Ayrshire Rivers Trust have kindly supplied details of how things are going at the new Nethermills counter.
While they can’t publish real time counts of the fish entering the river, they can inform readers as to how things are going in terms of the counter’s performance and some details of the fish they have been observing going through the fish passes at Nethermills.
The counter is designed to record fish moving through the upper fish pass. This doesn’t include small trout below around 40cm but it may record some. Any trout and salmon over that sort of size should hopefully be recorded both by the counter and the 3 video cameras that operate 24 hours and 7 days a week.
With any new counter, there has to be a period of tuning to ensure it operates under all circumstances and as designed. This can take time to get the accuracy to an acceptable level and the Ayr counter is proving to have a few teething difficulties so far with quite a number of fish incorrectly recorded or missed. While that may not be ideal, the designers Fishtek, are still working hard to resolve the issues ably assisted by Ayrshire Rivers Trust who will manage the cleaning and downloads regularly. They operate this counter for Marine Scotland Science who funded the device and installation. ART are funding the time for maintenance and downloads and to a large degree the analysis.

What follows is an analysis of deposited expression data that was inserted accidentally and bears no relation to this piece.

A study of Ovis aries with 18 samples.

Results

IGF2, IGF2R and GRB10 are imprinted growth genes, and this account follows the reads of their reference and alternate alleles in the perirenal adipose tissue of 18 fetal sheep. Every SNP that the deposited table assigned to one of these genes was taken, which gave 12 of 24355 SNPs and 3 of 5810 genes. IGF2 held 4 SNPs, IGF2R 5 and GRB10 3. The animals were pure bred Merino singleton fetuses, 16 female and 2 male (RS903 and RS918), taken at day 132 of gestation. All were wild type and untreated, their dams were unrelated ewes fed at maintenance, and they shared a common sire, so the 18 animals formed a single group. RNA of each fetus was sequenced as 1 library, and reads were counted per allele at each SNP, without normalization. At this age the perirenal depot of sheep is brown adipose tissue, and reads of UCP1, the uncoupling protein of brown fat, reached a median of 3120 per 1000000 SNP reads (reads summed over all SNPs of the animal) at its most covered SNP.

With some validation having been performed by biologists at ART, they say that the numbers of salmon going through is encouraging at times despite the lack of water this year. On most days in June and July (that have been analysed, there were salmon moving upstream but on days when there was a slight lift in the water, the numbers increased. Hopefully these runs will continue late into the season but the last few years have been poorer towards the back end. Time will tell.
So far the most salmon recorded in a single day was 39 but not every day’s video has been scrutinised yet. It takes up to 7 hours to review one day’s videos depending on water clarity and viewing conditions. Bright sunshine can lead to surface glare and missed fish so the best conditions are on dull overcast days with flat lighting. There is one overhead camera and two underwater side viewing cameras. The most useful is the overhead camera as this allows the fish lengths to be estimated and ART have reported some very large fish indeed, some in excess of 90cm long moving through.
While the side imaging cameras are perhaps less useful in terms of length, they do afford the opportunity to assess the condition, lice levels, damage, sex etc., but much depends on the water clarity and water levels, light and when the cameras were last cleaned. Currently ART staff visit and clean them every 6 days to ensure maximum opportunity to see the fish clearly but this may reduce once the counter becomes more accurate or sunshine levels reduce as it is weed growth and algae that cause most problems.
ART provided a few nice clear shots that show fish moving through. They will provide more information on how things are going as they can.
The count will not be available anytime soon as there’s still much to do to improve accuracy. Eventually however, the count, average size, run timings etc will all become clear; what better management tool could there be?